Andrew H. Walker, Getty Images Nine days after the deadly tornado that touched…
- Posted on Feb 8th 2010 2:00PM by David Chiu
"I knew I didn't have be on for this chunk of songs," she tells Spinner, "and I would come on and off stage, so I was up there knitting. [Luna founder] Dean [Wareham] decided to change the set list and was calling for me. Later [guitarist] Sean [Eden] told me 'You were so close to getting fired.' The other day I found my knitting needle bag that had a Luna sticker. I thought 'That's the show [where] I almost got the boot.'"
That's just one of the stories Meyerratken, an Australian who now resides in Los Angeles, has accumulated from her nearly 10 years of being a backup musician for acts such as Luna, Ben Lee and Nada Surf. But now, Meyerratken is calling the shots as her own artist under the name of El May.
With the exception of appearances by some guest players, her self-titled album was written, produced and released by Meyerratken herself. On top of playing all the instruments, she even designed the artwork. "I was going to get a producer to help me with the rest," she says. "Every time I tried to get help, it would sort of fall through. I was like 'This whole experience for me is to show yourself that you can do something on your own.' I kind of kept chipping away."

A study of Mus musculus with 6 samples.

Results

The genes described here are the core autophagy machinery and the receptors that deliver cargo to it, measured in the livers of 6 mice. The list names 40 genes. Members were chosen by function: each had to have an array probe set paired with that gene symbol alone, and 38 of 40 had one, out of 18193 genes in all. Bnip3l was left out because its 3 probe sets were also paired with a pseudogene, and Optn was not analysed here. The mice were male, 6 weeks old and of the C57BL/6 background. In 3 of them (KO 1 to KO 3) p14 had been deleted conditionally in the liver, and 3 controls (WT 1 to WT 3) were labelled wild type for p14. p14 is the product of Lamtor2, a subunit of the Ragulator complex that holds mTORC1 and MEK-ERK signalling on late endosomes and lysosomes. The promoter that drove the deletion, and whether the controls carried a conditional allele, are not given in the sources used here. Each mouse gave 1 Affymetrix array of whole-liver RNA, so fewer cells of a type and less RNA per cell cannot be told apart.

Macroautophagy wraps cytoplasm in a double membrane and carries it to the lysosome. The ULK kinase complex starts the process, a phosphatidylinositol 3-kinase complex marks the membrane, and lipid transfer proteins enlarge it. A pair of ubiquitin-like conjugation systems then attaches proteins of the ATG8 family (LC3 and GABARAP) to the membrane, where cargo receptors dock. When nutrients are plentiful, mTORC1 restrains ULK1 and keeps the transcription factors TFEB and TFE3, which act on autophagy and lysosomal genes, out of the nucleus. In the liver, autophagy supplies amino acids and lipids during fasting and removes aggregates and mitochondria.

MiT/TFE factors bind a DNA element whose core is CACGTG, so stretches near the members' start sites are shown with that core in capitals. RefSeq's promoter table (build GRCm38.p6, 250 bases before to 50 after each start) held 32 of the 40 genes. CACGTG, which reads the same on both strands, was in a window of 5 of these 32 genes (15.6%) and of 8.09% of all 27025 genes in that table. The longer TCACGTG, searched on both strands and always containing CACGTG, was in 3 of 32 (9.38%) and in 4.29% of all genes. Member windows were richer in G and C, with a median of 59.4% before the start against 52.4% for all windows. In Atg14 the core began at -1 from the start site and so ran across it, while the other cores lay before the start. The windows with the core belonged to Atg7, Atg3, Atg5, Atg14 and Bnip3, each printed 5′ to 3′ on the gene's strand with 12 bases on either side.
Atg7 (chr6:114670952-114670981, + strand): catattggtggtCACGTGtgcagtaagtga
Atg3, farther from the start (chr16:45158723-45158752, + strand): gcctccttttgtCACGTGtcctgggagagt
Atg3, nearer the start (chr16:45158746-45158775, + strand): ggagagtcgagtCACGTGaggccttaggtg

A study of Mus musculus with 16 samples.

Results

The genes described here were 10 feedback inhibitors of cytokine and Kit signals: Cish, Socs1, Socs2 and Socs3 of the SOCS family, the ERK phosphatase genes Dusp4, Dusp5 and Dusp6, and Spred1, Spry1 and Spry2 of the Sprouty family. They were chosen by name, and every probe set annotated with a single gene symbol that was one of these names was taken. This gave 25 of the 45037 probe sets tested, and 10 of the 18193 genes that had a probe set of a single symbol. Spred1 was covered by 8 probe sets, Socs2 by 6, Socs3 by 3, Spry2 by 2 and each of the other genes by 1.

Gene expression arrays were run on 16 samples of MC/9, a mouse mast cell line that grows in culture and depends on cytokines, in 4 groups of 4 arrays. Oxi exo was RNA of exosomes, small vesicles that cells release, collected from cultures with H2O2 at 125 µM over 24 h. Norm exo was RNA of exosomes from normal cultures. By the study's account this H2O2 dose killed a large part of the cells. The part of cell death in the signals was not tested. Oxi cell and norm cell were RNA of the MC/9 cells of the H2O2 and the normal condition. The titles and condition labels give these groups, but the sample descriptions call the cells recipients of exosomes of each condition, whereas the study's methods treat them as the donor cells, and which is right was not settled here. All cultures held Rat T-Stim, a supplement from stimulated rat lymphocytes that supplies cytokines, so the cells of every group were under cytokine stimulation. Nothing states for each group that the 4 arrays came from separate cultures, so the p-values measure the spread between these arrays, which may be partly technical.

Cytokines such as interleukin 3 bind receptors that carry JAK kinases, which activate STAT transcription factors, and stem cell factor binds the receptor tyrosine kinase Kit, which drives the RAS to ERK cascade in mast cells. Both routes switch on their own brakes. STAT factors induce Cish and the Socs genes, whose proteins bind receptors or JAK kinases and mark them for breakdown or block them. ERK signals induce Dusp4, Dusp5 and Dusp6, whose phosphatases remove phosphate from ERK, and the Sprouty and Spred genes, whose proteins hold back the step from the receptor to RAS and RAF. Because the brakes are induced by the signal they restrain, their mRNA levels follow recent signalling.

'El May' is melodic pop music that draws from some of Meyerratken's own experiences, which is reflected in her song 'Don't You.' The track was written as she was moving to Los Angeles from New York where she had lived for 10 years. "That song happened exactly when I started [to feel], 'Wait, I think I need a change.' I was maybe going to move to Portland, Ore., so it was this general pull to the West."
Born in Perth, Australia, Meyerratken studied art and also sang in choirs and played in bands. In her early 20s, she was finishing art school when a fellow Australian musician friend rang her up. "Ben [Lee] called me and said to me, 'Would you want to move to New York and be in my band? You have to be here in two weeks.' It was like winning the lottery. My mom hung my final [art] pieces for me. And then I was in New York all of a sudden rehearsing with Ben."
For eight years, Meyerratken worked on Lee's music, including his 2005 album 'Awake Is the New Sleep.' "He was sort of like my best friend as well," she says. "It was really a meshed relationship, working together that closely for so long." Meyerratken also admits that playing with those artists have influenced her such as Luna, of whom she says she became a huge fan. "That [first Luna tour] was scary. I didn't understand their humor for a few weeks. It ended up being great. Luckily for me I've never been asked to work with someone I didn't like."
But with the new record, Meyerratken is now concentrating on her own career as El May. "No one was going to crack the whip," she says, "or send me memos about the deadline. It was only me who would have been able to get it done."